System of Rice Intensification: Proposals Invited
Sir Dorabji Tata Trust and the Allied Trusts seek applications from NGOs, research institutions and universities for the promotion of System of Rice Intensification (SRI) in India.
The System of Rice Intensification (SRI) is a system developed in Madagascar in the 1980s and has since 1999 been tried out successfully in 25 countries across the world providing farmers with increased yield and options. SRI is a system of growing rice that involves practices different from the traditional ways of growing rice. It involves single and young seedlings transplantation with care instead of the conventional method of multiple and mature seedlings from the nursery. SRI spaces rice plants more widely and does not depend on continuous flooding of rice fields. It uses lesser seed, chemical inputs and promotes soil biotic activities in and around plant roots, enhanced through liberal applications of compost and weeding with a rotating hoe that aerates the soil.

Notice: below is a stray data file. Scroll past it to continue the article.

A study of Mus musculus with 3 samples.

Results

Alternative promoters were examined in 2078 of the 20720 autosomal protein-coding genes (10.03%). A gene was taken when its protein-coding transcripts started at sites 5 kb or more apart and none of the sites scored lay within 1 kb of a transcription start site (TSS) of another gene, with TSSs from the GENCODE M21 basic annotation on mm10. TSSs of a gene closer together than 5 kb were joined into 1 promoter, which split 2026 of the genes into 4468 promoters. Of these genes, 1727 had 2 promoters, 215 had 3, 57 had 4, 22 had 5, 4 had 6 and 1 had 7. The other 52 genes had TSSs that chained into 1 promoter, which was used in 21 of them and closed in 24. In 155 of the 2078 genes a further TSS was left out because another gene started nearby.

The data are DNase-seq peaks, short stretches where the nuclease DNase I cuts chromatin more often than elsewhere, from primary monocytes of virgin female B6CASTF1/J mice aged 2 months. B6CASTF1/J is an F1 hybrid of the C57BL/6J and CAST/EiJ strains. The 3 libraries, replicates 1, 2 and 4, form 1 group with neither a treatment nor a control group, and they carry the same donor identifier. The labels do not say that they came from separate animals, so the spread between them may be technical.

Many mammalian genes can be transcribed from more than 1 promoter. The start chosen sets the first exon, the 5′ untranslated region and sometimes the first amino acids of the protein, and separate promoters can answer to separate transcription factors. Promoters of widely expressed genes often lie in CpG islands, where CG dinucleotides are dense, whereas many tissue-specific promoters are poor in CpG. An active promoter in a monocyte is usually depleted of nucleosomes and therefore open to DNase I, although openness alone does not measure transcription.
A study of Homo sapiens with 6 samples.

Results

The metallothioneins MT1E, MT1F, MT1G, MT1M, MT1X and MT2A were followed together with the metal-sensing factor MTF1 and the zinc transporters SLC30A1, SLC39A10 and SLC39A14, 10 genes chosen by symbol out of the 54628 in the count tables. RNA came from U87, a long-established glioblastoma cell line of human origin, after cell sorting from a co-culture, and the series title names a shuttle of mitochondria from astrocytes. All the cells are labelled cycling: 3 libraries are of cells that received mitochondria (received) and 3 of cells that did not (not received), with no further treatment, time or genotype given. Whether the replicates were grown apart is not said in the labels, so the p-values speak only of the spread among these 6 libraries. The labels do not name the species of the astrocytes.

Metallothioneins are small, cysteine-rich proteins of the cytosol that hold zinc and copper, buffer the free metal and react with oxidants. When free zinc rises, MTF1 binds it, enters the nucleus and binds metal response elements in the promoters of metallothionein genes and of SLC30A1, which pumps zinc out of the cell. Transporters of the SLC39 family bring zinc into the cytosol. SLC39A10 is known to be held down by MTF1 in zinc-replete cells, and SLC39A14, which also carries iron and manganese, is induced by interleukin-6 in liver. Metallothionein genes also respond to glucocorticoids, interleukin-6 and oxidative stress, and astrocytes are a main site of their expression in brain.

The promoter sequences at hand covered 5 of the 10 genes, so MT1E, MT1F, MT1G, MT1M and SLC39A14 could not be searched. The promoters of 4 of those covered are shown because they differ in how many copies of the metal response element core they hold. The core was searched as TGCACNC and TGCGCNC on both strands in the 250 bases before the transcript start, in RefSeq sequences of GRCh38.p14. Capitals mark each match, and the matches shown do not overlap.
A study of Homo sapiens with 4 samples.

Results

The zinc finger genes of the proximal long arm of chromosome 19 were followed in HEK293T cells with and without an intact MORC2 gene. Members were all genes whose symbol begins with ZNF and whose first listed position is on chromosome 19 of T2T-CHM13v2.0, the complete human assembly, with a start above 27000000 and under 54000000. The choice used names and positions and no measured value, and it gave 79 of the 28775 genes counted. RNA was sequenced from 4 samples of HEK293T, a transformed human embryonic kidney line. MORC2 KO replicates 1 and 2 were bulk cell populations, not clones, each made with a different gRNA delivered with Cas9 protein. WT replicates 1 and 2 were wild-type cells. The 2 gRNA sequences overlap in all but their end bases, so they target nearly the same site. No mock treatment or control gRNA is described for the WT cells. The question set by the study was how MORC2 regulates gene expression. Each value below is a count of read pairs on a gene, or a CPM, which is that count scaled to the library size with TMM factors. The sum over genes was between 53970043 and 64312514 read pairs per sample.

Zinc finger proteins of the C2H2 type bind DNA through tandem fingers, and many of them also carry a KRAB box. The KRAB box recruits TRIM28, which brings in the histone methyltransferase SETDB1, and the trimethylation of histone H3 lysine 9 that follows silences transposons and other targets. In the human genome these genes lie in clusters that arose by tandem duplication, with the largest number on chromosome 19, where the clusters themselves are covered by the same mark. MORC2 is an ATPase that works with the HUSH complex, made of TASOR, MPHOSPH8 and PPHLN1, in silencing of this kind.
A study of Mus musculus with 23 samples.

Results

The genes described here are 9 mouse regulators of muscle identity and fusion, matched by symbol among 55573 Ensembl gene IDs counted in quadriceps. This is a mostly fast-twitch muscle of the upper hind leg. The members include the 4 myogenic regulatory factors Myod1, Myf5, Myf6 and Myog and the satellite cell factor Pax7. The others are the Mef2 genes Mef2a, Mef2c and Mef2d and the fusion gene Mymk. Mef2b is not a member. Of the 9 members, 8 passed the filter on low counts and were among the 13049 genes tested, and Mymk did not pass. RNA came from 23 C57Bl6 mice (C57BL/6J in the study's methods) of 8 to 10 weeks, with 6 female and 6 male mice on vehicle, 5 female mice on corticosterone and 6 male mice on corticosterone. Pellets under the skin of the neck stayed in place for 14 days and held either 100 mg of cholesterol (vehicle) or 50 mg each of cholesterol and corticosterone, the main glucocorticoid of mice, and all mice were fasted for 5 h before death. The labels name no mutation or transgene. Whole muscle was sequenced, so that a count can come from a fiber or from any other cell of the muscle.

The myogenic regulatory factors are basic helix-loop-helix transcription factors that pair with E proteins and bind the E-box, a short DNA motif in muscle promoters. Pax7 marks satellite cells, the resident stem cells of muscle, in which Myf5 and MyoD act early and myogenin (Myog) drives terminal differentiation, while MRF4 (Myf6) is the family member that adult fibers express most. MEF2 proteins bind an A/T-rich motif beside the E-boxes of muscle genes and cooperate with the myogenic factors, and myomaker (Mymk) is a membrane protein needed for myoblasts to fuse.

These changed practices with lower inputs counter-intuitively lead to improved productivity with yields of 7-8 tonnes/hectare (t/ha), about double the present average of 3.8 t/ha.
Typically in the SRI method, the following principles are applied:
Plant young, single seedlings widely spaced, 25 cms. apart rather than more seedlings close together as in the conventional rice growing system Soil should be wet but not inundated by flood irrigation Weed and aerate soil by use of a simple weeding machine.